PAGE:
Sunday, May 29, 2011

My Winnie-the-Pooh Epileptic Tree

On TVTropes, they have a term called "epileptic tree" for off-the-wall fan theories.  At dinner last night, I came up with one of my own.  Lest anyone be concerned, this is a joke...

Winnie the Pooh is really about invasive animal species, with the kickoff of many of the major plot points likely being a mass escape from a circus or zoo.

When I was little, my mother took me to a Winnie the Pooh show at the Atlanta Center for Puppetry Arts.  The storyline that I can remember involved the arrival of Kanga and Roo at the 100-Acre Wood and the reactions of the other residents of the Wood to the new arrival.  I remember one of them saw a bottle Kanga had with a skull-and-crossbones on it (some kind of medicine or household chemical, I imagine) and telling the others it had the bones of a dead animal on it, to their general fright.

Winnie the Pooh and the Blustery Day, which I watched a lot when I was a kid and even brought to my preschool class at Mount Bethel United Methodist Church for my classmates to watch (that was when I lost my first tooth as well), also depicts Tigger as being a new arrival to the 100-Acre Wood.  He acquaints himself with Pooh (in his typical fashion of jumping on him) in the middle of the night one night and claims the most wonderful thing about "tiggers" is that he is the only one.

Author A.A. Milne was British, so I'm assuming the 100-Acre Wood was in England somewhere.  Neither tigers nor kangaroos are native to England, so Kanga, Roo, and Tigger would had to have been introduced from elsewhere.

Perhaps there'd been an escape from a circus or zoo and the three of them made their way to the Wood from there.  According to Wikipedia, there are wild colonies of red-necked wallabies living in Scotland and France (and there used to be a population of England that apparently died out), so there is precedent for Kanga and Roo.

As far as Tigger is concerned, one theory behind the phantom cats like "the beast of Bodmin Moor" is that they're escaped zoo or circus animals that have successfully established themselves.  Not only would that explain Tigger, but it could also explain the "jagular" from The New Adventures of Winnie the Pooh--although we never actually meet a "jagular," the other characters seem absolutely terrified of it.  Perhaps Tigger sustains himself with fish from the river and isn't a danger to the others (except perhaps by playing too roughly with them), but the jaguar, another escapee from the zoo, has a preference for bigger game (like Piglet).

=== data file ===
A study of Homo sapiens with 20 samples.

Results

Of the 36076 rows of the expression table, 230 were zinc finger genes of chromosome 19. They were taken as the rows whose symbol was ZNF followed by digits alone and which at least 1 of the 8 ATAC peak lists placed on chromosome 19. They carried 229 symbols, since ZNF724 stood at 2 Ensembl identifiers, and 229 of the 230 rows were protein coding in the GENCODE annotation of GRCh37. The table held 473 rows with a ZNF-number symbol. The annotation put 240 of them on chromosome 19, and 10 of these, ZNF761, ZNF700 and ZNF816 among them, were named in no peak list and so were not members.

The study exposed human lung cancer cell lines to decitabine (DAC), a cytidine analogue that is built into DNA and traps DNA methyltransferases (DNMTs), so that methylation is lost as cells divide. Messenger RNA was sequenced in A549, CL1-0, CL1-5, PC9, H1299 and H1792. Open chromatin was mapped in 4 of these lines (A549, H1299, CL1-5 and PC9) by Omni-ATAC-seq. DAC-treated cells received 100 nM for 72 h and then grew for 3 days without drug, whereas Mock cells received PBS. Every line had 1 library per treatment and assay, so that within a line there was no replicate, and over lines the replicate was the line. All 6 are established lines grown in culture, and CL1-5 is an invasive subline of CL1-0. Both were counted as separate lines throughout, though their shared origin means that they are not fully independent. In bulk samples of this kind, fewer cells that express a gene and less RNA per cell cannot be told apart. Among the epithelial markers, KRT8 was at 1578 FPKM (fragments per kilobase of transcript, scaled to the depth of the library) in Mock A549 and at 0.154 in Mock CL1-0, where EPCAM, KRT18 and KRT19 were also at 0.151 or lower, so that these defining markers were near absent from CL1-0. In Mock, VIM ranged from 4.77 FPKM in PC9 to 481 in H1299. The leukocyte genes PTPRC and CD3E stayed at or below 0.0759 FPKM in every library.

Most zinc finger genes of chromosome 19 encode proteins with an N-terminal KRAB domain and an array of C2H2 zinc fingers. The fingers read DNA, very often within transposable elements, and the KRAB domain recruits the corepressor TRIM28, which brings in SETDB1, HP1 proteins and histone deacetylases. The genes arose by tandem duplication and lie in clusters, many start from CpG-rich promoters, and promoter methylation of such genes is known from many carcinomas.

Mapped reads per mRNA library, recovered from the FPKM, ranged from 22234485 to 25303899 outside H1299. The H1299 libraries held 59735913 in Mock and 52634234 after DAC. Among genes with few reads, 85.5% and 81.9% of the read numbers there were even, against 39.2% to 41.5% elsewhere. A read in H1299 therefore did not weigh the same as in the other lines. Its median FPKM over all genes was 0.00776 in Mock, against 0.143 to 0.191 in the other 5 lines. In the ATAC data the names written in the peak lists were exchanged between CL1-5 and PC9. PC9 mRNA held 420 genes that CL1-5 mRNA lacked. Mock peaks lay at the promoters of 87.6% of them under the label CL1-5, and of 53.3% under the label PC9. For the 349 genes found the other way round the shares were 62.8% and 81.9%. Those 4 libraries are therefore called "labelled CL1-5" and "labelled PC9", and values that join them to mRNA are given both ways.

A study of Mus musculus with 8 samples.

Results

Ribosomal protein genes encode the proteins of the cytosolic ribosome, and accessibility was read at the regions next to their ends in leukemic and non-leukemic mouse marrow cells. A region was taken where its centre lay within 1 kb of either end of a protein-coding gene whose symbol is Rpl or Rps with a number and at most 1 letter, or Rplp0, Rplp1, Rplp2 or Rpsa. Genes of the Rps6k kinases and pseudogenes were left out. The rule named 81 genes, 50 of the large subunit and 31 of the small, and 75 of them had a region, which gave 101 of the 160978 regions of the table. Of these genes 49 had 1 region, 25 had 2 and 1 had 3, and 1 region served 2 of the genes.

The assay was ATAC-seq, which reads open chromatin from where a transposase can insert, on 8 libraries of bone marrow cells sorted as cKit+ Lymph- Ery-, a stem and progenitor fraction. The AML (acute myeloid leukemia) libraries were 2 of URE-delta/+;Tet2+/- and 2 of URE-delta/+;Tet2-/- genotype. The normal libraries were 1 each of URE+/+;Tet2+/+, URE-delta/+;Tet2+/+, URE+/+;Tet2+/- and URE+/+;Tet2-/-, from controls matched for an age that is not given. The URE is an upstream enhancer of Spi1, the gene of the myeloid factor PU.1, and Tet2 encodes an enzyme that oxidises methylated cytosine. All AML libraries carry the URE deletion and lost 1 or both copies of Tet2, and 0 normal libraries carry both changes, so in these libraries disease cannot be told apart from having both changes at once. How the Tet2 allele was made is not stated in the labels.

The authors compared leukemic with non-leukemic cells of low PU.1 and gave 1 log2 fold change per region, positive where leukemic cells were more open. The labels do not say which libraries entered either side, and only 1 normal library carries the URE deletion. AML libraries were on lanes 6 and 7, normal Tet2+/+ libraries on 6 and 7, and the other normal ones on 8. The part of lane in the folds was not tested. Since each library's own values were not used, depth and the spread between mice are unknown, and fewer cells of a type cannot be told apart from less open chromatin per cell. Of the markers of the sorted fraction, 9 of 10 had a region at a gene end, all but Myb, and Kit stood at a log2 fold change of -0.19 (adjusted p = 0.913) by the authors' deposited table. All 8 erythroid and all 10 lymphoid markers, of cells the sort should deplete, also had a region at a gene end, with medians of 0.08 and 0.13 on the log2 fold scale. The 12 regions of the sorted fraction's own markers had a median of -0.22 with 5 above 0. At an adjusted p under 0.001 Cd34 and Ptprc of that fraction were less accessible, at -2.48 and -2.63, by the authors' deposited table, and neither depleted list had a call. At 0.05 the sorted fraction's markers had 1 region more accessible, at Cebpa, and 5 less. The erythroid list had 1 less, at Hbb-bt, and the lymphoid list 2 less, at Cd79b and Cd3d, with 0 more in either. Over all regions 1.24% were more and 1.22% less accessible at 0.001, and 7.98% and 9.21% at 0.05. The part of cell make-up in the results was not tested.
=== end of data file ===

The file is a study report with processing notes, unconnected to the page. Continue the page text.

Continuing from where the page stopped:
The Heffalumps, who have actually appeared in some of the more recent Winnie the Pooh materials like Pooh's Heffalump Movie, might also be escapees from a circus or zoo.  Given how we don't actually meet any of them until relatively recently (aka the newer stuff), perhaps they and the "jagular" came from a more recent zoo/circus escape than Tigger, Kanga, and Roo.  Given the release dates of the Pooh materials, the original three established themselves in the 100-Acre Wood sometime in the 1960s, while the Heffalumps and the "jagular" escaped during the 1990s.

If I wanted to get really dark, I could suggest a Winnie the Pooh movie in which the British animal-control service invades the 100-Acre Wood to collect the animals that don't really belong there.  It'd be like The Secret of NIMH in which NIMH's discovery of where the escaped intelligent mice are living is a major plot point.  Given how an escaped family of elephants would be a much bigger deal that kangaroos or even a couple of big cats (I don't recall major efforts to hunt down "phantom cats," although they might not actually exist), it could be a direct sequel to the Heffalump movie.